While we, as a society, have made great progress toward equality for LGBT people, we still have a ways to go. This is particularly evident when engaging with young LGBT people who have been rejected by their families, peers or communities as a result of their sexual orientation or gender identity.
Casidy Henderson, 23, is a transgender District resident who immigrated to the United States from Sierra Leone when she was seven years old. She has been living as a woman for two and a half years and has been on hormones for 10 months. In her young life, she has been repeatedly ostracized and tormented as a result of her sexual orientation and gender identity.
Casidy is a promising young woman who could have easily fallen through the cracks, if not for the support from several nonprofit organizations that work tirelessly to improve lives and ensure that the individuals that they work with leave their programs with the skills to thrive.
The Wanda Alston Foundation, which operates the Wanda Alston House, is one of those programs. (Full disclosure: I serve on the board of the Wanda Alston Foundation.) The Wanda Alston House provides transitional housing to homeless LGBTQ youth. Casidy became homeless after being put out of her Southwest Virginia Christian boarding school due to her sexual orientation. At the time, Casidy was still living as a young man. Due to her mannerisms, she was perceived to be gay and was harassed by the other students.
“Kids would pee on my pillowcase. They would beat me up in the back of the school. People would put bleach in my drinks and call me derogatory names,” Cassidy said. “This happened every day because I ate, slept, went to school and went to church with them. I couldn’t reach out to staff at school because I was gay. They would turn a blind eye when the boys beat me up or dragged me down the staircase.” Cassidy says she was eventually asked to leave the school because her Facebook status said that she was gay.
“I had to explain the situation to my family of why I was kicked out and that I was gay. It was obvious because I was effeminate, but it was the first time I said it,” she said. Her family had never been supportive of her sexual orientation and, throughout her childhood, some of her relatives were verbally and physically abusive. The boarding school gave Casidy a one-way bus ticket to D.C., where she stayed with her uncle for four months. After he put her out, she stayed with friends for a few more months. She found out about the Wanda Alston House from a Transgender Health Empowerment employee who was handing out fliers and condoms outside of the Safeway on Benning Road, N.E.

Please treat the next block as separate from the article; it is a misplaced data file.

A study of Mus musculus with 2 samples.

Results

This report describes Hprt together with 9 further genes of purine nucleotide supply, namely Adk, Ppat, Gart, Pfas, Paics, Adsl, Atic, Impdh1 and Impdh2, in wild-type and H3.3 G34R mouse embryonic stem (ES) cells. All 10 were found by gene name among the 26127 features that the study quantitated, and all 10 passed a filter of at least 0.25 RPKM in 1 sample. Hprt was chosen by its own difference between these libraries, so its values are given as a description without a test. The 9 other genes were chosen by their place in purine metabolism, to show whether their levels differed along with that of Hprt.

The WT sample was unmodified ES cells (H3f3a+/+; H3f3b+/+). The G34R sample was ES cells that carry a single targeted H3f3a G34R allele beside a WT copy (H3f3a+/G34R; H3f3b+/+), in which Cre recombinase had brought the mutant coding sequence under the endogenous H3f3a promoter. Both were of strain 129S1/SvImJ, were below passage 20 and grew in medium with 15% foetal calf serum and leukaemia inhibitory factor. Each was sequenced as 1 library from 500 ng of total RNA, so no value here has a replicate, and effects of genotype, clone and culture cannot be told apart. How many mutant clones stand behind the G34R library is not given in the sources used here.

“I found out about the Wanda Alston House, filled out an application, and moved in three days later,” Casidy said. She stayed at the Wanda Alston House for 18 months. The house operates as a home with a curfew, rules and chores. “I was free to be myself. I had other peers who were trans. The whole LGBT community was in the house. It’s really not a shelter. It’s a three-story house with a deck. We had a therapist who came in once a week. We would discuss issues and problems. We were a team. That really helped me. It nurtured me spiritually, mentally, physically and emotionally. Being in the house was a place for me to heal myself. Being in that safe place was everything for me. I never before had issues that could be addressed and had a whole team work on it.”
While in the house, Cassidy received her GED and scored 200 points shy of a perfect score. After leaving the house, she found an apartment and, simultaneously, worked as a housekeeper in a hotel and as an intern with the Children and Youth Investment Trust Corporation (CYITC) summer initiative.
Her work with CYITC gave her experience in advocacy and social justice, which is why she jumped at the opportunity to become a fellow with Code for Progress, whose goal is to “train and support new coders who can bring historically under-represented perspectives to the tech industry.”
In April, Casidy was one of 12 people who began the one-year program. According to program descriptions, the “curriculum will focus on contemporary coding techniques, human-centered database programming and application development” for 40 hours a week during the 16-week training residency. The program includes mentorship, a stipend, and post graduation career support.
“When I heard about Code for Progress, I was like, I know how to advocate for justice, but I was lacking the technical skills. Now I can program computers, develop apps, create websites, create databases and set them up. I’m empowered now and it’s only been a month that I’ve learned these things. We have an awesome professor. She simplifies things and brings so much to the table.”
As part of the fellowship, Casidy wants to create an app that will aggregate all available LGBT resources within a community. “I’m well informed about different issues and Code for Progress is giving me a vital piece of the puzzle to make me a resource for my community,” she said. “If all these agencies are speaking as one huge body and sharing info, change is going to happen. If this app is successful, I want to expand it to different cities.”
Lateefah Williams’ biweekly column, ‘Life in the Intersection,’ focuses on the intersection of race, gender and sexual orientation. She is a former president of the Gertrude Stein Democratic Club. Reach her at firstname.lastname@example.org or follow her @lateefahwms.